May 2, 2011—The following technical reports, special reports, and technical notes were published recently by the Software Engineering Institute. For the latest SEI technical reports and papers, see http://www.sei.cmu.edu/library/reportspapers.cfm.
Archie Andrews & Jonathan McCune
This report describes the November 2010 Trusted Computing in Embedded Systems Workshop held at Carnegie Mellon University. This workshop brought together various groups concerned with advancing research into improving the trustworthiness in embedded systems. The workshop format provided the opportunity to focus on embedded systems while examining the application of related trust technologies in order to foster collaborative approaches and information exchange in this area. Presentations and discussion addressed the capabilities and limitations of effectively employing trusted hardware-enabled components in embedded systems. This included, but was not restricted to, the following areas: new research and development in enabling trust in embedded systems, methods and techniques for establishing trust in embedded systems, lessons learned from research and development projects on embedded systems security, and gaps in current research. The workshop resulted in identification of gaps in current research and recommendations for potential research directions.
John Haller, Samuel A. Merrell, Matthew J. Butkovic, & Bradford J. Willke
As nations recognize that their critical infrastructures have integrated sophisticated information and communications technologies (ICT) to provide greater efficiency and reliability, they quickly realize the need to effectively manage risk arising from the use of these technologies. Establishing a national computer security incident management capability can be an important step in managing that risk. In this document, this capability is referred to as a National Computer Security Incident Response Team (CSIRT), although the specific organizational form may vary among nations. Nations face various challenges when working to strengthen incident management, such as the lack of information providing guidance for establishing a national capability, determining how this capability can support national cyber security, and managing the national incident management capability. This document, first in the Best Practices for National Cyber Security series, provides information that interested organizations and governments can use to develop a national incident management capability. The document explains the need for national incident management and provides strategic goals, enabling goals, and additional resources pertaining to the establishment of National CSIRTs and organizations like them.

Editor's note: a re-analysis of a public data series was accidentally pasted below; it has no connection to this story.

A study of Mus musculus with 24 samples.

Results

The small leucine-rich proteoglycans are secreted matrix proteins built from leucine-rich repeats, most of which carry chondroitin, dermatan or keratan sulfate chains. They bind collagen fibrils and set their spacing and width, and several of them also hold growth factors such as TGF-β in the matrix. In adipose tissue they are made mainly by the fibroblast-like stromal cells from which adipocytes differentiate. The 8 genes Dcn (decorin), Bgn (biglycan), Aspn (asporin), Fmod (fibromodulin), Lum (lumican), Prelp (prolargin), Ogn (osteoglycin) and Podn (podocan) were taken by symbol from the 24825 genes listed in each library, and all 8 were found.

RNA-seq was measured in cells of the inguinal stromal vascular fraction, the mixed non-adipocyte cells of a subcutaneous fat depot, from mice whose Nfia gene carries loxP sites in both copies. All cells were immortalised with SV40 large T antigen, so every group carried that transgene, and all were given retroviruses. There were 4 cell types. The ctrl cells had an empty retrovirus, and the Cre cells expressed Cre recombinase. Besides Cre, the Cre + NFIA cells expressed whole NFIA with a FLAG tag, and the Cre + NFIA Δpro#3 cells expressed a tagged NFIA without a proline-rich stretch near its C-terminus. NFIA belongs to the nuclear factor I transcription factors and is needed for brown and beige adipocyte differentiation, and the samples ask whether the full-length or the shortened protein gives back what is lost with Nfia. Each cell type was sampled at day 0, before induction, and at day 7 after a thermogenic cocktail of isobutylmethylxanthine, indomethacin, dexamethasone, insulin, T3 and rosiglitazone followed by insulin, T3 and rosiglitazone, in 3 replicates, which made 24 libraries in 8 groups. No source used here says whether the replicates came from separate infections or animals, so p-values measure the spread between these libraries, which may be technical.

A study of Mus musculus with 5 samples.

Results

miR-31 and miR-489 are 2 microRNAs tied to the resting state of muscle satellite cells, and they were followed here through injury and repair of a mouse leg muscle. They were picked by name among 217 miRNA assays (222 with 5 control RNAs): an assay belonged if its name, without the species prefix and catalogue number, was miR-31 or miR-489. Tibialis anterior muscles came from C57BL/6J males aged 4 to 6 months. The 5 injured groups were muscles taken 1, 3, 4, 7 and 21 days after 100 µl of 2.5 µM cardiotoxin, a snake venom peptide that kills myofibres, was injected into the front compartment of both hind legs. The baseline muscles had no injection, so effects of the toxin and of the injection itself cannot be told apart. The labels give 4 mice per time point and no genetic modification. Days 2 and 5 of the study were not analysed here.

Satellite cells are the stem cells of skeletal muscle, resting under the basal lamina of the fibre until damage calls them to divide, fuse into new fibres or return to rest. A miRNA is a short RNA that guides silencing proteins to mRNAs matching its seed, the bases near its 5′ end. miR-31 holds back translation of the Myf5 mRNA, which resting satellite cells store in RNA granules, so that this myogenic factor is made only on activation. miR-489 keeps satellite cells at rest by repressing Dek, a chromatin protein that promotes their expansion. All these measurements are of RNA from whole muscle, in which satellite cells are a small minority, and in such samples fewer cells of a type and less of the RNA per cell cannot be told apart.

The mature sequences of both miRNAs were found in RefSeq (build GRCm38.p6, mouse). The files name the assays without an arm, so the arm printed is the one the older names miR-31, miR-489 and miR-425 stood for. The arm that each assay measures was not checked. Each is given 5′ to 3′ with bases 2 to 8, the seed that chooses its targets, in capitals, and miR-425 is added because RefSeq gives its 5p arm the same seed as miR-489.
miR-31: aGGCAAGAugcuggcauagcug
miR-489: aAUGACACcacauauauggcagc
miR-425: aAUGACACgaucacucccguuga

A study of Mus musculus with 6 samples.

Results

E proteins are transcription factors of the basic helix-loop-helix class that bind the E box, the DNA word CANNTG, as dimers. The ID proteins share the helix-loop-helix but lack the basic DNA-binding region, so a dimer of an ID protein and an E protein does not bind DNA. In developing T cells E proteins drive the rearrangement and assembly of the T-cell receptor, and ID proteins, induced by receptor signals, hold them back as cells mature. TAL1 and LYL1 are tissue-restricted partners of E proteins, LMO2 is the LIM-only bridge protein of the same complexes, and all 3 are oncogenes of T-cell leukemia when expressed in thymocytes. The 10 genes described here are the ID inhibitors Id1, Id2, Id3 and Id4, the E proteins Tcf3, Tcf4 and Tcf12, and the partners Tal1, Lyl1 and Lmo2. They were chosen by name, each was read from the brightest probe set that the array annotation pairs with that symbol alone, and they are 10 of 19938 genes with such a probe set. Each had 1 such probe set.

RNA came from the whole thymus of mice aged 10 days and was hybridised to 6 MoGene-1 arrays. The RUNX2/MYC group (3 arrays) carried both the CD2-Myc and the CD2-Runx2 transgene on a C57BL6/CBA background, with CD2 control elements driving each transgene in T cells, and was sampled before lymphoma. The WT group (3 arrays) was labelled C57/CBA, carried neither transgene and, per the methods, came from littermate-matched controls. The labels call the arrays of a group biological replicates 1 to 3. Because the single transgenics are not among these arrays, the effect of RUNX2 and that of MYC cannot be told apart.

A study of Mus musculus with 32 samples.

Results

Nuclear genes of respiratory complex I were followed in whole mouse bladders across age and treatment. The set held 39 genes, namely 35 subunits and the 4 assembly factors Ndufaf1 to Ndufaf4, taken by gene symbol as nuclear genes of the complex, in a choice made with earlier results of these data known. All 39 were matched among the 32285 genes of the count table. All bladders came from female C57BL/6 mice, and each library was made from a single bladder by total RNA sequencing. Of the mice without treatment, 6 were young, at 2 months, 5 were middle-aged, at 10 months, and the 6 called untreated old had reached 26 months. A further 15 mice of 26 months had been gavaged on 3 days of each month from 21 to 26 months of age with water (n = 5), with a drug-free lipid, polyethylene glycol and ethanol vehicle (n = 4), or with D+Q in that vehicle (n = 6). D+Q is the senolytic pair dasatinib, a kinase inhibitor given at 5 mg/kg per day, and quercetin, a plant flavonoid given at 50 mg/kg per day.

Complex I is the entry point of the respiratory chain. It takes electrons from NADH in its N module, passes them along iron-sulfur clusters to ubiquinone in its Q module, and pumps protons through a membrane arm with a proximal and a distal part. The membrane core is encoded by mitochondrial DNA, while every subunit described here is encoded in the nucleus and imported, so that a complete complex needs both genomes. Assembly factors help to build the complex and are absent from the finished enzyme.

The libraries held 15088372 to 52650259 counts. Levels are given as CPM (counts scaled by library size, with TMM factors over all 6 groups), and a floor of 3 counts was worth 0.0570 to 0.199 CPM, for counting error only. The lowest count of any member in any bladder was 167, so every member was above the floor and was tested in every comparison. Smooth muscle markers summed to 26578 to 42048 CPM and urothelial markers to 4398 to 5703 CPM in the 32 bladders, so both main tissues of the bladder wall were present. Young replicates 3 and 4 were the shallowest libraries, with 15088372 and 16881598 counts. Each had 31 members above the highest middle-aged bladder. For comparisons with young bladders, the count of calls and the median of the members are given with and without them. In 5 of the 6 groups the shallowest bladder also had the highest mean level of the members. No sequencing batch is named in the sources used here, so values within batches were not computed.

SCAMPI Upgrade Team
This report, the Appraisal Requirements for CMMI, Version 1.3 (ARC, V1.3), defines the requirements for appraisal methods intended for use with Capability Maturity Model Integration (CMMI) and with the People CMM. The ARC may also be useful when defining appraisals with other reference models. The ARC defines three appraisal classes distinguished by the degree of rigor associated with the application of the method. These classes are intended primarily for people who develop appraisal methods to use with reference models such as those in the CMMI product suite.
Mark Kasunic, David Zubrow, & Erin Harper
The Department of Defense (DoD) is becoming increasingly aware of the importance of data quality to its operations, leading to an interest in methods and techniques that can be used to determine and improve the quality of its data. The Office of the Secretary of Defense for Acquisition, Technology, and Logistics (OSD [AT&L]), Director, Defense Research & Engineering (DDR&E) sponsored a workshop to bring together leading researchers and practitioners to identify opportunities for research focused on data quality, data analysis, and data use. Seventeen papers were accepted for presentation during the workshop. During workshop discussion, participants were asked to identify challenging areas that would address technology gaps and to discuss research ideas that would support future DoD policies and practices. The Software Engineering Institute formed three primary recommendations for areas of further research from the information produced at the workshop. These areas were integrating data from disparate sources, employing provenance analytics, and developing models, methods, and tools that support data quality by design.
Nancy R. Mead, Julia H. Allen, Mark A. Ardis, Thomas B. Hilburn, Andrew J. Kornecki, & Richard C. Linger
This report, the third volume in the Software Assurance Curriculum Project sponsored by the U.S. Department of Homeland Security, provides sample syllabi for the nine core courses in the Master of Software Assurance Reference Curriculum.